Litha – Litha (Tartarus Records)

“A way to process my anger and pain. An effort to bring that ugliness to the surface.”

Andrew Black is brutally honest about his need for Litha, his solo project. A live bassist for drone/doom acts Mizmor and Hell, the Oregon-born musician has a track record in monstrously heavy sonic art. But thus far, his studio recordings have been focused on ambient productions.

Litha in contrast, is undiluted, anguished black metal, with the organic production to match.

A perfect channel, then, for Black to explore his inner torment.

On Hunger, it feels like Black is yearning for something more as its post-BM opening segment explodes into a firestorm of blastbeats and searing fretwork.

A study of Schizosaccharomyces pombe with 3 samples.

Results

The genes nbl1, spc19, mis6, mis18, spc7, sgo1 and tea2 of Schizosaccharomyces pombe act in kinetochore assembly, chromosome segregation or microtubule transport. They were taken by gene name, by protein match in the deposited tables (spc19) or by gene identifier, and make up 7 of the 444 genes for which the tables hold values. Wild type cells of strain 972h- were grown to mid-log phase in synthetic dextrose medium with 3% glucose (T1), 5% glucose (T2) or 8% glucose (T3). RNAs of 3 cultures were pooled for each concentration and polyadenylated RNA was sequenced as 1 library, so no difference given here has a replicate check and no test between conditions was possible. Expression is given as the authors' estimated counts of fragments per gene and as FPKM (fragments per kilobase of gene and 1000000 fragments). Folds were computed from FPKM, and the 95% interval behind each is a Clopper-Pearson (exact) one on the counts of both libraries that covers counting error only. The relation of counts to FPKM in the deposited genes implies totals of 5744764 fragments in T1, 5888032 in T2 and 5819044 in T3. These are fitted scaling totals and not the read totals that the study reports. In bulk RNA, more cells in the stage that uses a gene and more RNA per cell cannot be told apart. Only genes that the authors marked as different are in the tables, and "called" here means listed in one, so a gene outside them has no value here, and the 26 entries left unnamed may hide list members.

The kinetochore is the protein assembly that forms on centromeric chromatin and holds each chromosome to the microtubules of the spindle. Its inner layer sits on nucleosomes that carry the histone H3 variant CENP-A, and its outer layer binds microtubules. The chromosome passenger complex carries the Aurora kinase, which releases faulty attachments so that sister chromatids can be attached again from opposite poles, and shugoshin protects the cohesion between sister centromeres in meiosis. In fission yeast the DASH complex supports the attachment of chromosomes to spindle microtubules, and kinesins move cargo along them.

Move to Wearing Away, and you’ll be wrapped in a charred fabric that brings to mind Darkthrone’s classic 90s triptych. Litha’s creator deftly introduces new layers to the track, before heading straight for a doomed-out void. That song’s chasm gazing bleeds into I Am Many, a slow burn walk through Black’s gloomscapes.

Those tracks, however, don’t quite prepare you for what is to follow.

On Bite The Hand, Black pulls riffs straight from BM’s molten core. Yet he complements that with cold, mournful melodies. The light and shade approach to his songcraft is perfectly executed. It’s a fascinating piece.

And 12-minute closer Thirst, something akin to Wolves In The Throne room in its night sky grandeur, is Litha’s coup de grâce. A sensational piece of black metal art, the song shifts from a hypnotic pulse to a blasting torrent of arcing guitars and hyper-percussion. Calmer waters arrive, but a storm – in the form of Thirst’s thrilling climax – annihilates any tranquillity.   

Litha seethes with emotion…

While bearing his soul, Andrew Black has conjured up something truly special with Litha.

There’s rage on this record.

There’s also beauty.

It’s perfectly balanced.

It hurts.

But it’s also incredibly compelling.